The truth is that paying on time, every time, is what's good for your credit — and paying in full is the most economical way to do that.
Here's what you should know about managing your payments to protect your credit.
You do need to use credit
To build and maintain your credit, you need to consistently demonstrate that you repay borrowed money as agreed. One way to do this is to use a credit card regularly, then pay your bill on time.
Focus on never missing a payment (on any bill), because payment history has the biggest influence on credit scores. A misstep on this credit scoring factor can really hurt.
Does spending more money build credit faster?
It's important to put at least some of your spending on a card from time to time, but spending more will not benefit your score. Aim to use no more than 30% of your available credit limit on any of your cards, and less is better. That's because the second-biggest influence on credit scores is credit utilization — the portion of your credit limits you use.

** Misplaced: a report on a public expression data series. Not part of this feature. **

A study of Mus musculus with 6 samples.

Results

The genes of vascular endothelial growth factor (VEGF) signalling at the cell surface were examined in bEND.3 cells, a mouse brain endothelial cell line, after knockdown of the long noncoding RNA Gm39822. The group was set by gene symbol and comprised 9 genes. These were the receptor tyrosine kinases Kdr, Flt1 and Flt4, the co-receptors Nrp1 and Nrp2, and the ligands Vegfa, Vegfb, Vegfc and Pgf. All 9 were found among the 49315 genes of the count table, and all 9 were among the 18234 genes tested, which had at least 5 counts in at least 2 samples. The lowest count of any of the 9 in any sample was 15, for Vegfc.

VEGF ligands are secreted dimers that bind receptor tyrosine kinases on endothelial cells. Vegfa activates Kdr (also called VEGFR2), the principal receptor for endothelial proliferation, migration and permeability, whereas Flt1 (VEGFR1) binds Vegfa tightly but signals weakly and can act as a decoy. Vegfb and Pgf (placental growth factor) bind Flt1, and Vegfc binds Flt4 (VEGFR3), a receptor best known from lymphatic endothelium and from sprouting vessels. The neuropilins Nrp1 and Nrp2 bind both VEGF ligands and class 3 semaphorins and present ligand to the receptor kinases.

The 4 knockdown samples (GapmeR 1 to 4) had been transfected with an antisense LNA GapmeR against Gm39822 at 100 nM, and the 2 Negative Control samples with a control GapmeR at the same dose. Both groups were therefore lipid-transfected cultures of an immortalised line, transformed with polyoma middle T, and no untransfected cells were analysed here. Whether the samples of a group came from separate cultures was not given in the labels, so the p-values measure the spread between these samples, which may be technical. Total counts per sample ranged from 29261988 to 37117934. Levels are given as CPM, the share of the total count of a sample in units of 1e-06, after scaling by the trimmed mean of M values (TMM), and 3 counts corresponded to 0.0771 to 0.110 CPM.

To keep your credit utilization low:
Sign up for regular balance alerts via text or email from your credit card issuer so you can stop using a card if the balance gets close to 30% of the limit.
Consider making multiple payments during the month to keep balances low.
If your credit is good or your income is up since you applied, ask for a higher credit limit. This will lower credit utilization as long as your spending stays the same.
Think twice about closing old or unloved cards, because they contribute to your overall credit limit. Your credit utilization could shoot up due to the loss of available credit from the canceled card.
Carrying a balance is costly
If you don't pay your credit card bill in full and instead carry a balance, you're not helping your score. FICO, which produces the most widely used credit score in the United States, doesn’t award extra points for carrying a balance month to month. Neither does VantageScore, its competitor.
In fact, if you get into the habit of paying less than the full amount, you could hurt your credit score if your balance creeps up.
Plus, there’s the interest to consider. Rates climb past 20% for some rewards cards, and even low-interest cards exceed 10%.
It's smart to keep your overall financial picture in mind when deciding whether to do something for the sake of your credit score. Chasing a few points is seldom a good idea if it’s going to cost you money in interest.